By Alyssa Rosengard
Choosing a doctor always reminds me of a time when my now-married friend was searching for a mate using online dating sites. She would chat with an individual via the Internet, eventually meeting in person for coffee. My husband and I would be hopeful for her as she sorted through the candidates, but many times, the date was just “not a match.” This made me wonder: Why do we take more time and care searching for our soul mates than we do for our doctors who take care of our very lives?
As patients managing chronic illness, we swim in a sea of specialists, negotiating the rough waters of our medical system. Each physician may be right for a particular patient or diagnosis, yet completely inappropriate for another. As a person with a rare primary immune disorder (common variable immune deficiency), I’ve found it is crucial for me to be confident in my choice of oncologist, neurologist, pulmonologist, etc. Each doctor should be a good fit for my disorder and personality.
So how do we, as patients, go about finding the correct physician in our inflexible and unforgiving U.S. healthcare system? Over the past 10 years of illness, I have collected a few basic core beliefs that have helped. First and foremost, I simply keep in mind that doctors are just human beings. They are not the god-like, all-powerful beings our grandparents and even some of our parents believed them to be. Previous generations were taught not to question doctors, but to have blind faith and trust. These beliefs that have been passed down must be broken if we are to heal. A competent physician should not act like he/she knows it all. There is an enormous difference between being confident and egotistical. A good doctor does deserve respect for the years of schooling and interning, but only if the respect is mutual.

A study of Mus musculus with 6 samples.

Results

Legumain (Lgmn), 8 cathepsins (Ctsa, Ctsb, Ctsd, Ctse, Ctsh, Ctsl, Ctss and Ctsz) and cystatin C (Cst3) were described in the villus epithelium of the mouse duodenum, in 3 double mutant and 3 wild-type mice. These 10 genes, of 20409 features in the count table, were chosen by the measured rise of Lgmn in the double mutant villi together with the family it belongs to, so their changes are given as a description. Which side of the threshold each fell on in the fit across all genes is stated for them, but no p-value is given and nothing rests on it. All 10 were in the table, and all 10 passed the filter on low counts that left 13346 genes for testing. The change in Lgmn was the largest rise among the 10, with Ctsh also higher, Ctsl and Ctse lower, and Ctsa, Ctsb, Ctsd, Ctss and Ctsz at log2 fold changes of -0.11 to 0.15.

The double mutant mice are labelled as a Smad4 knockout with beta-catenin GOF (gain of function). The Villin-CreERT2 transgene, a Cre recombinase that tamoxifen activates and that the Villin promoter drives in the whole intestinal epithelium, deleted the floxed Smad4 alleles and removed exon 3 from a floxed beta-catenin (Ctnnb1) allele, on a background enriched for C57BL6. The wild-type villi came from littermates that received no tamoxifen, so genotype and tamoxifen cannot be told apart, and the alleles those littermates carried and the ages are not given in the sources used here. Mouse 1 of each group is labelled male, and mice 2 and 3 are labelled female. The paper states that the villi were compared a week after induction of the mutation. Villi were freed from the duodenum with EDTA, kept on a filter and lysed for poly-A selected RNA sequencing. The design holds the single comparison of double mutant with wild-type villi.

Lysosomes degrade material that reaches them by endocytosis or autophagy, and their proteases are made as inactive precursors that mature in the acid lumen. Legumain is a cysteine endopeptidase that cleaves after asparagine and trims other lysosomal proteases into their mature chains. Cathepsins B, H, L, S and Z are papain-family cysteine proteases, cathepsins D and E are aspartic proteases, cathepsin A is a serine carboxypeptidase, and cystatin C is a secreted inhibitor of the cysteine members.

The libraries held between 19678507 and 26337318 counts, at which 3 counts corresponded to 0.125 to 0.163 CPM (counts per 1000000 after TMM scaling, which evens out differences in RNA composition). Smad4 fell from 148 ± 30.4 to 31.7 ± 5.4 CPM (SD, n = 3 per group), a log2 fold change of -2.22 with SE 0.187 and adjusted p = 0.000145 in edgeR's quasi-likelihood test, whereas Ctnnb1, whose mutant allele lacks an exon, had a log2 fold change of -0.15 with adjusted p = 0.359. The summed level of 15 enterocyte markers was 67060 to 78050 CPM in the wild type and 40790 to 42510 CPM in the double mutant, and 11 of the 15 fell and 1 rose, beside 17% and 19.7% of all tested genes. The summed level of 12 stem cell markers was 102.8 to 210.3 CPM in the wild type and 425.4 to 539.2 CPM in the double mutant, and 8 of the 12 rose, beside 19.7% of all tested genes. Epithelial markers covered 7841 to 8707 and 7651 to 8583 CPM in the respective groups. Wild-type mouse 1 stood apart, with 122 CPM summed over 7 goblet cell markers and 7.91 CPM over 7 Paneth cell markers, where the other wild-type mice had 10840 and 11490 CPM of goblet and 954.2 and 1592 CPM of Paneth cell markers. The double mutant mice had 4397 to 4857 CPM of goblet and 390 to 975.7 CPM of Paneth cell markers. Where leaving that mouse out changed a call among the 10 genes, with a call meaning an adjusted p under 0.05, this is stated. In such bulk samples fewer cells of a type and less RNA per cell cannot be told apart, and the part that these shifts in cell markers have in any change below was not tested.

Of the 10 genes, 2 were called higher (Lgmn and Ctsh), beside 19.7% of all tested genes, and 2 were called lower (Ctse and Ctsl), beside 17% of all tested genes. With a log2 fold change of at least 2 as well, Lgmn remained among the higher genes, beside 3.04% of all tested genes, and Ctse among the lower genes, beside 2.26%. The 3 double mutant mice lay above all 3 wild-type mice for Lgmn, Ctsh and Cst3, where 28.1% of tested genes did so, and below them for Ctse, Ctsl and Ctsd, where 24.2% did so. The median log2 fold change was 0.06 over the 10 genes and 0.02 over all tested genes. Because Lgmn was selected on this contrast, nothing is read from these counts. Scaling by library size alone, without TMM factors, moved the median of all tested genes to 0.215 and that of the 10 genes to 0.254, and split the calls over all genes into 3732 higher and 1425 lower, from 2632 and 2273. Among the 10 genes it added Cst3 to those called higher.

Another key way to determine if a doctor is effective is if he/she truly listens to your symptoms and concerns and accurately records them. How can you tell? The doctor will ask many questions to counterpoint your comments and make eye contact. This may seem a slight point, but do not underestimate it; it is the key to sympathetic treatment. I had a neurologist once who allowed me to suffer for a solid year with daily migraines. She would send me for grueling tests, and I repeatedly jumped through her hoops. She would not prescribe medication, but insisted I keep a journal of symptoms. She made no eye contact, rushed through the appointments and would not listen to my instinct that it was the IV medication I was receiving that was the problem. She had a lovely family. Would she have allowed that amount of pain and suffering for them? Finally, not being able to stand any more pain, I refused my necessary medication. You already know the result: my migraines lessened and almost ceased.
During the past years of horrendous illness and symptoms, I have experienced prolonged misdiagnosis, flubbed testing procedures, lack of sympathy and understanding, and a refusal to listen and notate from numerous doctors. Compiled, this has created years of needless personal, physical and emotional suffering, as well as unnecessary cost to my insurance company. The lesson is this: A person dating is not an inactive participant in the process, and in the same way, patients must learn to participate in their healthcare. Remember that a competent physician should be listening, recording and developing a course of treatment that is acceptable to both of you.
Lately, my physicians have encouraged me to make choices and help guide my own healthcare, which has left me feeling empowered and positive. My advice to anyone wishing for improved patient/doctor communication is to remember you are in an important relationship with that physician. It is a connection that requires mutual trust and respect. If your current doctor is not meeting your needs, accept that it is “not a match,” and move on.